John Luther Adams
Written in 1947 and extensively revised in 1959, the concerto is like a breezy compendium of the stylistic resources available to American composers at midcentury. It unfolds in two long movements that are as blocky and segmented as an abstract German noun, but formal unity is the furthest thing from anyone's mind.
Instead, Schuman lays out his wares with a showman's glee, and invites the soloist to do the same. The piece begins and ends with a breathless flurry of activity, and in between the mood changes with beguiling ease, from jazzy populism - the huge first-movement cadenza takes off with a little riff from Harold Arlen's pop classic "Blues in the Night" - to thundering Old Testament pronouncements from the brass and timpani, to sweet-toned rhapsodizing (Schuman also throws in a predictably time-wasting fugue, just for fun).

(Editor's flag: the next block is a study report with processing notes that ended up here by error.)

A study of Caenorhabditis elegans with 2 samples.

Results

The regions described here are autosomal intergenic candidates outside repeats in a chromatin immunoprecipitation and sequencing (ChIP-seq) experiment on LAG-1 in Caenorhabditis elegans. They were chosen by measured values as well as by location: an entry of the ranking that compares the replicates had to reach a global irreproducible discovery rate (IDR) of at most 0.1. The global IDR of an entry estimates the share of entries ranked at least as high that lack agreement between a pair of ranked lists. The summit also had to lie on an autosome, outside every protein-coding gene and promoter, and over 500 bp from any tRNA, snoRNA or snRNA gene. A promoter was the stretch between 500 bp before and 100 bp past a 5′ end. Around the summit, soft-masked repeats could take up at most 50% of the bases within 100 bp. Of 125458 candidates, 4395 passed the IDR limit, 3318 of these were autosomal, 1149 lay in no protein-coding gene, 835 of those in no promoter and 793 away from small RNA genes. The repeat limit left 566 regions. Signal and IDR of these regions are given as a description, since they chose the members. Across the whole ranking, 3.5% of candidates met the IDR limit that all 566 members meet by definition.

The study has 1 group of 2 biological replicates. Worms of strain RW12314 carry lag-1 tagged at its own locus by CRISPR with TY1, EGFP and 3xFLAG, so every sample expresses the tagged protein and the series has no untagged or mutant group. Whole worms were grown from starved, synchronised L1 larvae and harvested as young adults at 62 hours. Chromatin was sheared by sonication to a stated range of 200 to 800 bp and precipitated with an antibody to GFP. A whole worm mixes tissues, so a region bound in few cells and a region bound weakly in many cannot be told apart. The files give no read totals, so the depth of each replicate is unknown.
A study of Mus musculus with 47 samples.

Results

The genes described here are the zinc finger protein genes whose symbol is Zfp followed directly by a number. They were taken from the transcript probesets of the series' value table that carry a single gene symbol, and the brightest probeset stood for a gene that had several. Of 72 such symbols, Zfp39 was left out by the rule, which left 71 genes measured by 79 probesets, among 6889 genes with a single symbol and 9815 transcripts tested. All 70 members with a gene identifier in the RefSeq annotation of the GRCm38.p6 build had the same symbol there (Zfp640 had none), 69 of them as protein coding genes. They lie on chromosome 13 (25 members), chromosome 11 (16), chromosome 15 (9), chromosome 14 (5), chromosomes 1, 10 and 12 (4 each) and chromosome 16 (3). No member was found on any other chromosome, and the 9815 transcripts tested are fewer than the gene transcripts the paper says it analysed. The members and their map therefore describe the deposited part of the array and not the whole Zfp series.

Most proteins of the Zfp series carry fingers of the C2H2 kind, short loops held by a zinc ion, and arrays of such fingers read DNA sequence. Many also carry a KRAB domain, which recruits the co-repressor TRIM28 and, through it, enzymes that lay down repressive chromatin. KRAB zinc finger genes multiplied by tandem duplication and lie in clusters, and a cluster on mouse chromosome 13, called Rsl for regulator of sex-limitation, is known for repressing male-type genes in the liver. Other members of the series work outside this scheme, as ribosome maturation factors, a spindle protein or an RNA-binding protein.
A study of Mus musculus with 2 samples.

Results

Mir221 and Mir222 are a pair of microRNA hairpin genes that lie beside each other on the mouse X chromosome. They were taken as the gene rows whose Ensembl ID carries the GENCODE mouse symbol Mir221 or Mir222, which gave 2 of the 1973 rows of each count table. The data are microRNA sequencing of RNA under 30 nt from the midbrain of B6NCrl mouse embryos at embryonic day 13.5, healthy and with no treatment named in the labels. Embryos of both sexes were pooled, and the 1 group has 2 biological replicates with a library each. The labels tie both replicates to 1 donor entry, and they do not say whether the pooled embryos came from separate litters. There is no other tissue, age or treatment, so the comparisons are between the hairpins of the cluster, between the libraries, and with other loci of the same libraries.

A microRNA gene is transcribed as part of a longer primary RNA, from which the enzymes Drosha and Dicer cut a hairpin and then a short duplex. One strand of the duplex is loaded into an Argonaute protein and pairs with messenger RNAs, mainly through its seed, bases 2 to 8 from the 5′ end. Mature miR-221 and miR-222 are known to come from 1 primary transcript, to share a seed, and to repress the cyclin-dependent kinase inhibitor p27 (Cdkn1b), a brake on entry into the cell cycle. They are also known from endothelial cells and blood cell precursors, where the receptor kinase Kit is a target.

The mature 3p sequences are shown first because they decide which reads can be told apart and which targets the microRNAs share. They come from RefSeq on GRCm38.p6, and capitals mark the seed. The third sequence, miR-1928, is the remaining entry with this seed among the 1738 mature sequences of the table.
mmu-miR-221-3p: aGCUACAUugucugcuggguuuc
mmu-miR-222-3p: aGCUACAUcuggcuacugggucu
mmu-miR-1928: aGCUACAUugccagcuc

Shaham's performance captured the music's air of gleeful heedlessness. His string tone becomes warmer and more inviting year by year, and the boyish ebullience that used to run through every performance - sometimes to the detriment of other virtues - is increasingly tempered by patience and serenity.
Not to excess, fortunately. Shaham unreeled the first movement's slow, lyrical episode with an air of restraint that made its tenderness all the more inviting. But he never lost sight of the fact that the piece is mostly an extended jeu d'esprit, and he and Thomas conspired to make fun the centerpiece of the performance. (Mendelssohn's Violin Concerto replaces the Schuman on Saturday's program.)
The second half of the program was devoted to more serious fare, a performance of Beethoven's "Eroica" Symphony that began magnificently but bogged down a little in midstream.
The first movement was among the most exciting renditions of this music I've heard, thanks to Thomas' determination to inject it with an almost aggressive air of buoyancy. The two opening chords bounced into the air like big rubber balls, and the ensuing main theme was so springy that the resulting kinetic energy carried through the entire movement.
But the "Funeral March" that followed dissipated that momentum - as it inevitably must - and Thomas and the orchestra struggled to regain it. The last two movements sounded vigorous but slightly slushy, apart from the final breathless sprint into home that made for a rousing end.